Growing up in the KwaZulu-Natal Midlands allowed me the opportunity to live in a city but be in close proximity to the country side. The school I attended had views of the Midmar Dam and was surrounded by green hills and trees.
I constantly search for that as an adult and Johannesburg and Pretoria don’t offer much of it. This is the reason I enjoy spending weekends away in places like the Hartbeespoort or even go further to the hills of Mpumalanga. This past weekend offered a bit of that. It was work, but the surroundings make it feel less like work.
I remember a Zimbabwean friend telling me that his upbringing forced him to go on long walks and be in tune with the wild when I invited him on a hiking trip to Magalies. When I think about it now it is really strange that we South Africans pay a couple of rand to go into the bush nowadays. I was thinking that these are places our forefathers explored free of charge.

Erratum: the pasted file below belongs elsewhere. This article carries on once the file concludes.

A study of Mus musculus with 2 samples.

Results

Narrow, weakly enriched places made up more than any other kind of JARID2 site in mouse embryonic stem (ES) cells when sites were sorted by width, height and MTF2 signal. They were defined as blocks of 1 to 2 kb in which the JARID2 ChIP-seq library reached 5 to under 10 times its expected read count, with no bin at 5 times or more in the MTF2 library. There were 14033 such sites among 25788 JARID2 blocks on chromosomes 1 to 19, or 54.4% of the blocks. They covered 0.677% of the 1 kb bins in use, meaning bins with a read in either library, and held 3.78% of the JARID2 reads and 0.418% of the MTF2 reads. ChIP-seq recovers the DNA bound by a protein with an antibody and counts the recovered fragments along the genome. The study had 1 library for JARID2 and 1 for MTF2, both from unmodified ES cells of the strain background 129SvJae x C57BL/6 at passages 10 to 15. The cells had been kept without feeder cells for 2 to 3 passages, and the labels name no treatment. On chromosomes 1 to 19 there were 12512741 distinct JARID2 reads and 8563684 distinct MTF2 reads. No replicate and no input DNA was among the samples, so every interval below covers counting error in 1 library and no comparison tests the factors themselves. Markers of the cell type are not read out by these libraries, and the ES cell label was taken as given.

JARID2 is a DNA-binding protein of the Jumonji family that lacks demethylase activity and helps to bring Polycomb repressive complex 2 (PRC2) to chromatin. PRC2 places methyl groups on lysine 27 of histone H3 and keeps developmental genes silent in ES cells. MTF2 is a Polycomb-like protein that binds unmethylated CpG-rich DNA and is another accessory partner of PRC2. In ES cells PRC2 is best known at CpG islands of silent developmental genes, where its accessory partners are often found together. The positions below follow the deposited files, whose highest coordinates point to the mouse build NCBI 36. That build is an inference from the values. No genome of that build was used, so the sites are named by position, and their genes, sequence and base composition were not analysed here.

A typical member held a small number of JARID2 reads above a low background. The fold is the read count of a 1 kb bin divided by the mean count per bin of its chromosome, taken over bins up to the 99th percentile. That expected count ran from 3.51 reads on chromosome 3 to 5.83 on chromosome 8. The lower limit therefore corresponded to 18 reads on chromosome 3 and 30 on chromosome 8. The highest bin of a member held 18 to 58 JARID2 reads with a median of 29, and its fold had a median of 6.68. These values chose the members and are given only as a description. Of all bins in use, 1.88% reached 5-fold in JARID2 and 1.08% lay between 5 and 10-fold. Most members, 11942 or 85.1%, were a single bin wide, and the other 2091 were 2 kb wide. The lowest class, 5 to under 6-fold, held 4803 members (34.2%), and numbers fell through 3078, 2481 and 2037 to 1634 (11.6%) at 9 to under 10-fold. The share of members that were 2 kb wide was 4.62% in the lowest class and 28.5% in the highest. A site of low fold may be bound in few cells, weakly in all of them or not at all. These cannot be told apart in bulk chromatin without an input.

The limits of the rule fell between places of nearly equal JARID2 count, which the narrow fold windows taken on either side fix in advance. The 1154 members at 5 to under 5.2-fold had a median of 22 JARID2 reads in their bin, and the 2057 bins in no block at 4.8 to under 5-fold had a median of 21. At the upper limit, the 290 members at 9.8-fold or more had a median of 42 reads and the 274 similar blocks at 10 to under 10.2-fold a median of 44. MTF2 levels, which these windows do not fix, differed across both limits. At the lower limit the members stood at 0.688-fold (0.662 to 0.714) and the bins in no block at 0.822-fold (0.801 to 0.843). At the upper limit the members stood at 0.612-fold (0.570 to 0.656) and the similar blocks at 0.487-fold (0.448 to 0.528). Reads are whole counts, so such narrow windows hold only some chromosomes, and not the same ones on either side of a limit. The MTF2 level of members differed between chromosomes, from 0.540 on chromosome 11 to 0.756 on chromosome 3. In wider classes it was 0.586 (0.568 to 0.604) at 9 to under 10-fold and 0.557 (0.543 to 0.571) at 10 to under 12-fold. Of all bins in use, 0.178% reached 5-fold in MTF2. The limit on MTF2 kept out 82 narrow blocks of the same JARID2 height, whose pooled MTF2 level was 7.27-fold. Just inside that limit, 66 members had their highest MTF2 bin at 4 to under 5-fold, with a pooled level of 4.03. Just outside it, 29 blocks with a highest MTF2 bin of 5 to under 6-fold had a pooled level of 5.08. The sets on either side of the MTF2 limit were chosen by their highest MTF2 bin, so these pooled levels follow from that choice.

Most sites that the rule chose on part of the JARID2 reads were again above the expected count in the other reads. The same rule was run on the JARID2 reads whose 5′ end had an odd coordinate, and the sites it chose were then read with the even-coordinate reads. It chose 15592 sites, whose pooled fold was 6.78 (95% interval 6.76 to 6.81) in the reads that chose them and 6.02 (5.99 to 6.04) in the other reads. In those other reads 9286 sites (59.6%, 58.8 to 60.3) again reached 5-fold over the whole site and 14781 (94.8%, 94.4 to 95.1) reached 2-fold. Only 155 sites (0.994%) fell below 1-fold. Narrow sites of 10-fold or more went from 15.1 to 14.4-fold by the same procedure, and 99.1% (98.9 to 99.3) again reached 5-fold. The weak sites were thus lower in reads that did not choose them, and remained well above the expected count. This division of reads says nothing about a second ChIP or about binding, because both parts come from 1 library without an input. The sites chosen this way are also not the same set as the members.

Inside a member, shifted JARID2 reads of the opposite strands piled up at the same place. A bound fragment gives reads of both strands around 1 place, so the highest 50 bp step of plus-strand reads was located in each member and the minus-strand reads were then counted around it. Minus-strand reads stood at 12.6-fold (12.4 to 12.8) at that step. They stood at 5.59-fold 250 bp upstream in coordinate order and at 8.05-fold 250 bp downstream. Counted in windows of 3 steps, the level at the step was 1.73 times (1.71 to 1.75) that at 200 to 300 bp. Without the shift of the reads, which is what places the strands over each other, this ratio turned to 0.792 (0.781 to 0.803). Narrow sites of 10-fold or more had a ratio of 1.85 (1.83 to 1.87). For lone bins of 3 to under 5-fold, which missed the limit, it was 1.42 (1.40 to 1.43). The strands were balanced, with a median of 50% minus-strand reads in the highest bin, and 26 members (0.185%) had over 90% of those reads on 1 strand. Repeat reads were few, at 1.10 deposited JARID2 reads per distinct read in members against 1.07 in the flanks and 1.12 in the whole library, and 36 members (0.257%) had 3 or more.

When I was in Harties over the weekend I came across a few baboons, monkeys and rabbits. Someone asked me whether they attack people. My response was that we, city Africans, have stopped understanding the wild, its needs and how to live with animals. I told her that the great King Shaka and his Zulu troops and maidens in KwaZulu never worried about such. They must have understood nature really well for them to have survived on lands that have thousands of lions, monkeys and elephants. They never worried that these animals would have kill them – in fact the great Zulu king was eventually killed by his brothers which says a lot about us human beings.
Being in the wilderness during the weekend made me realise that we have stopped understanding nature and wild animals have become enemies that have to be killed the minute they appear, but should we try to live with them the way our ancestors did then this world would remain as beautiful as it is for generations to come.